The hope is that it could be rolled out across the North of Ireland, where 30 per cent of water pollution comes from farms.
John Doherty milks several hundred cows at Crosshead Farm near Claudy.
His land is at the top of a hill which slopes down to the banks of the River Faughan, an important protected habitat for otters and salmon.
The river also provides a substantial amount of Derry’s drinking water.
Working with the Woodland Trust and the Loughs Agency, Mr Doherty has redirected his land’s drainage system so that it flows into a newly-planted four-acre wood by the side of the river.
Two thousand native trees including alder, willow, birch and oak have been planted around a pond which has been dug out to hold 250,000 gallons of water.
This so-called “wet wood” serves a dual purpose.The pond acts as containment for any potential pollution spill, giving Mr Doherty time to react before it reaches the river.
The trees will also filter out nutrients and silt from farm run-off which might otherwise reach the Faughan.
Mr Doherty, a third generation farmer, said the Faughan was “part of his heritage”.
“It has been here for me and my father and his father and I want it to be here for the other generations and we do value where we are here so I think we have to do our bit,” he said.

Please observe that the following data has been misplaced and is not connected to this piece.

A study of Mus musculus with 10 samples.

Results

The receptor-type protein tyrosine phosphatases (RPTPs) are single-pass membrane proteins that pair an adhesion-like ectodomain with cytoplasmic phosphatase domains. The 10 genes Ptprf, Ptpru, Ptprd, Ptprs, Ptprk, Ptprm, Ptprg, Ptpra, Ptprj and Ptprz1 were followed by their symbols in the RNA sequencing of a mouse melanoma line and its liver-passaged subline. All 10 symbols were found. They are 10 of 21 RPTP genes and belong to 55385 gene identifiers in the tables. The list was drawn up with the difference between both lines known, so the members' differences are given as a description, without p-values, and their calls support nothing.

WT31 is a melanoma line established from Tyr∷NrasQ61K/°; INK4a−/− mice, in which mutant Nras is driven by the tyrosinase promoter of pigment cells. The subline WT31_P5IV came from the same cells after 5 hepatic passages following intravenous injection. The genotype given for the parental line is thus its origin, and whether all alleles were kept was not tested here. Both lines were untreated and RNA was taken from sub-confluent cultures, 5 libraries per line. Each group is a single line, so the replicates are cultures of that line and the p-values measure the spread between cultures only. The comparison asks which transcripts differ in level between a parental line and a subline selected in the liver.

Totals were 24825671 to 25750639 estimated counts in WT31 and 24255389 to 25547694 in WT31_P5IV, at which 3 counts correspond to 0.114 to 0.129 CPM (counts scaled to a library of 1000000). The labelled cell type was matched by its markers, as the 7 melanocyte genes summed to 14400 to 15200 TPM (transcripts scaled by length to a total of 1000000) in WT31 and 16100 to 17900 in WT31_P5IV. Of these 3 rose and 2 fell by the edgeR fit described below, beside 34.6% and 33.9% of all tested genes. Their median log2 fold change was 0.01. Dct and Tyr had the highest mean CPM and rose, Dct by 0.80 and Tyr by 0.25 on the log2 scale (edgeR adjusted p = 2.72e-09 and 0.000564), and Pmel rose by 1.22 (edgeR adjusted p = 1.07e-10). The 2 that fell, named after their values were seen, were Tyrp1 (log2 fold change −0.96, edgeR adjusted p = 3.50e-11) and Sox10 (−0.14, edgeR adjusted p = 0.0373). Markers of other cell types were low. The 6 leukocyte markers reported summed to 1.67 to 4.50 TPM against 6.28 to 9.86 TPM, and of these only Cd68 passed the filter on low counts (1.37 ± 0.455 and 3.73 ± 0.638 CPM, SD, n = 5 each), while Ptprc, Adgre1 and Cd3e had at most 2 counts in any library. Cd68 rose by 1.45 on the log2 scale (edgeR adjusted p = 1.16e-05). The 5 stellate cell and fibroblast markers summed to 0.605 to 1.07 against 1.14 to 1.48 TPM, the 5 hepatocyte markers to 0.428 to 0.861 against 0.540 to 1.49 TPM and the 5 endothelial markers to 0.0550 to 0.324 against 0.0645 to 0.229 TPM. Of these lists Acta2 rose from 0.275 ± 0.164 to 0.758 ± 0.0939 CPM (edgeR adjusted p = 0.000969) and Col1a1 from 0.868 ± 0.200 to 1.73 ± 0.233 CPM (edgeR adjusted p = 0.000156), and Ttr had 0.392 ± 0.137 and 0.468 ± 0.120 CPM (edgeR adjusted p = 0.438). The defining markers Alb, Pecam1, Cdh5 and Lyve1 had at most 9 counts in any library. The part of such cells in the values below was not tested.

He said the wet wood provided a “buffer” between his farm and the Faughan and putting it in had given him “peace of mind”.
A new forest expansion scheme means this kind of planting could be attractive to other farmers.
They can now plant trees on three or more hectares of their farm which will attract a payment.
Dave Scott of the Woodland Trust said as well as protecting the river, the wood would provide important habitat for wildlife and capture 4-600 tonnes of carbon over its lifetime.
Lionel Knobbs of the Loughs Agency, which is responsible for the Faughan, said other farmers were expressing an interest in similar schemes.
He said it was a low-cost option for farmers, because the trees were provided and volunteers helped plant them, something he described as “sweat equity”.
His main focus is to prevent silt from farmland being washed into the river where it can clog spawning beds for salmon and trout.
John Doherty said it had not been a difficult decision to put in the wet wood.
He said when the small cost was reckoned against potential fines and subsidy penalties from a pollution incident it was a “no brainer”.
And he said while he had planted four acres of his 300 acre farm, he believed it could work just as effectively on much smaller areas.